With Argentina’s currency tumbling as interest rates and inflation soar, fears are growing that the country could be on the verge of default – but analysts say that remains unlikely despite economic fragility.
Argentina defaulted in 2001 during an economic crisis in which the government was unable to handle debt of more than US$100 billion, a level it has once again surpassed.
“By Argentine standards that’s a large debt, but by international standards it’s not that big,” said economist Fausto Spotorno.
British analysts Capital Economics say default is not a “scenario” it envisages at the moment, although the outlook remains bleak.
“The recent turmoil in local markets means that Argentina’s recession will be even deeper than we previously anticipated,” Capital Economics said in an article outlining its downgraded forecast for the country, in which it says it expects GDP to drop four percent in 2018 and another two percent next year.
“A significant degree of fiscal slippage, a further rise in bond yields or another collapse in the real exchange rate would put the debt ratio onto a worrying path. That would make a sovereign default a real possibility.”
Unable to borrow on the open market, Argentina turned to the International Monetary Fund earlier this year and secured a US$50-billion loan, with an initial US$15-billion tranche of that handed over in June, in part to prop up its struggling currency.
The country is suffering from a crisis of confidence in the peso, which has lost more than half of its value against the dollar since the start of the year.
In a desperate bid to calm the turbulent waters, Argentina’s Central Bank hiked interest rates to a world-high 60 percent until at least the end of the year. But with inflation expected to reach 40 percent for 2018 and Argentines feeling the pinch from rising prices their meagre salaries are ill-equipped to cope with, fear and discontent are on the rise.
President Mauricio Macri’s austerity measures have been unpopular with citizens, while also failing to appease nervous investors. Some protesters have been chanting for the government to stop paying its debt, while Macri’s popularity has been falling.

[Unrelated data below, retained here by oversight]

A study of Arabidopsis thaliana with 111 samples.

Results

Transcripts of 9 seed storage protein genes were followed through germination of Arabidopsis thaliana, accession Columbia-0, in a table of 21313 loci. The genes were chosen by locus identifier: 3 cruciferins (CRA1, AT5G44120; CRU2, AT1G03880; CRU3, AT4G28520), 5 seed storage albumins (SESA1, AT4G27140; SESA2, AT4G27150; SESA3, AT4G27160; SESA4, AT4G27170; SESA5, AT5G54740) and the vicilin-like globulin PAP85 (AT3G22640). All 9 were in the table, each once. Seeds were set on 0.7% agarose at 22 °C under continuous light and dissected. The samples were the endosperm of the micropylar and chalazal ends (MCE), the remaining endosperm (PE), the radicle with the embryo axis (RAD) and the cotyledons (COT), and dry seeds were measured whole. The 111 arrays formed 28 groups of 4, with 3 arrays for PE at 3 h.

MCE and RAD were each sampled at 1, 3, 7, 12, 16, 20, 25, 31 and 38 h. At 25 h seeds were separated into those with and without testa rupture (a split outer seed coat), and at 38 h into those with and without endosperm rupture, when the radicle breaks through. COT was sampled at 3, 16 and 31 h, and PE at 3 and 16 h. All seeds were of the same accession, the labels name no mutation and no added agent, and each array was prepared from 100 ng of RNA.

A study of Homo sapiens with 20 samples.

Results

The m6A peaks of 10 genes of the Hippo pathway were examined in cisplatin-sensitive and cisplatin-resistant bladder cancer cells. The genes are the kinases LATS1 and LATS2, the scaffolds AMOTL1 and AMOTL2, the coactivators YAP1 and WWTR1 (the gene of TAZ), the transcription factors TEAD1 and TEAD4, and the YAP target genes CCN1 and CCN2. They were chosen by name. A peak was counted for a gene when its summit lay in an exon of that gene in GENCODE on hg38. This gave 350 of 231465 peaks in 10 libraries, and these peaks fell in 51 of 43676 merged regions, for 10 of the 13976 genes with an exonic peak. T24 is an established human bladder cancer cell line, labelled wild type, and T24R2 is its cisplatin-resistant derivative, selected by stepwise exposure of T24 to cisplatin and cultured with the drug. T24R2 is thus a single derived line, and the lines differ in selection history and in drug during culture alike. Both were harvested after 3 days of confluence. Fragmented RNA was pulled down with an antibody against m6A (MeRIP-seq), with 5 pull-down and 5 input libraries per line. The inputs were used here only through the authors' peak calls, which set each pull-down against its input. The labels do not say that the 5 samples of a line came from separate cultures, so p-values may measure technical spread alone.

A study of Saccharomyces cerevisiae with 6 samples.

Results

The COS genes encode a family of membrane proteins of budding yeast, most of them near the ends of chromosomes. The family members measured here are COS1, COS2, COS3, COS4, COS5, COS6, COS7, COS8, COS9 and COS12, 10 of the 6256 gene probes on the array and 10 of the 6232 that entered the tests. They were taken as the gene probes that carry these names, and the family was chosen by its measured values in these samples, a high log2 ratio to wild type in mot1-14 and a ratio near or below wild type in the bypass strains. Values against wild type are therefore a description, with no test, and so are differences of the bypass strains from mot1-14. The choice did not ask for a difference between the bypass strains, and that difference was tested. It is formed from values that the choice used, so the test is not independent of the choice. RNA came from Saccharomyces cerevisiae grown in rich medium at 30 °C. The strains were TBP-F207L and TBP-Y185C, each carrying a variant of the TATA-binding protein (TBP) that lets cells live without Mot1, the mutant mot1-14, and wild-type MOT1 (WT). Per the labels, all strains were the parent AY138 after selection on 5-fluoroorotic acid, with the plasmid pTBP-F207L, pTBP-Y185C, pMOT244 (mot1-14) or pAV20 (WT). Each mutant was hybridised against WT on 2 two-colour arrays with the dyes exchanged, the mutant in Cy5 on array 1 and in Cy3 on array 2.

The problem for economist Arnaldo Bocco is that Argentina’s “government is unable to give assurances over the solidity of its financial system.”
He says it needs to “show it can manage the exchange rate.”
Argentines have a long history of lacking faith in their own currency and normally save money in dollars. Some of that is held in banks, but low confidence in the system means savers are quick to take their money and run.
Since the start of the peso crisis in April, Argentines have withdrawn US$500 million from the banking sector.
That’s not quite on the level of the 2001 crisis, though, when the government froze savings accounts and some people lost everything.
“The monetary situation is critical in terms of confidence, but we’re a long way from 2001,” said Martin Vauthier, director at the EcoGo consultancy.
According to official estimates, sceptical Argentines are holding US$300 billion outside of their country’s financial circuit, either in cash or abroad, mostly in Uruguay and the US.
With the government proving unable to stabilise the peso, some economists advise restrictions on the purchase of foreign currencies in a bid to prevent a capital flight. But not everyone is convinced. “I think that would aggravate the depreciation of the peso,” said Spotorno, who said “capital control would be counterproductive.”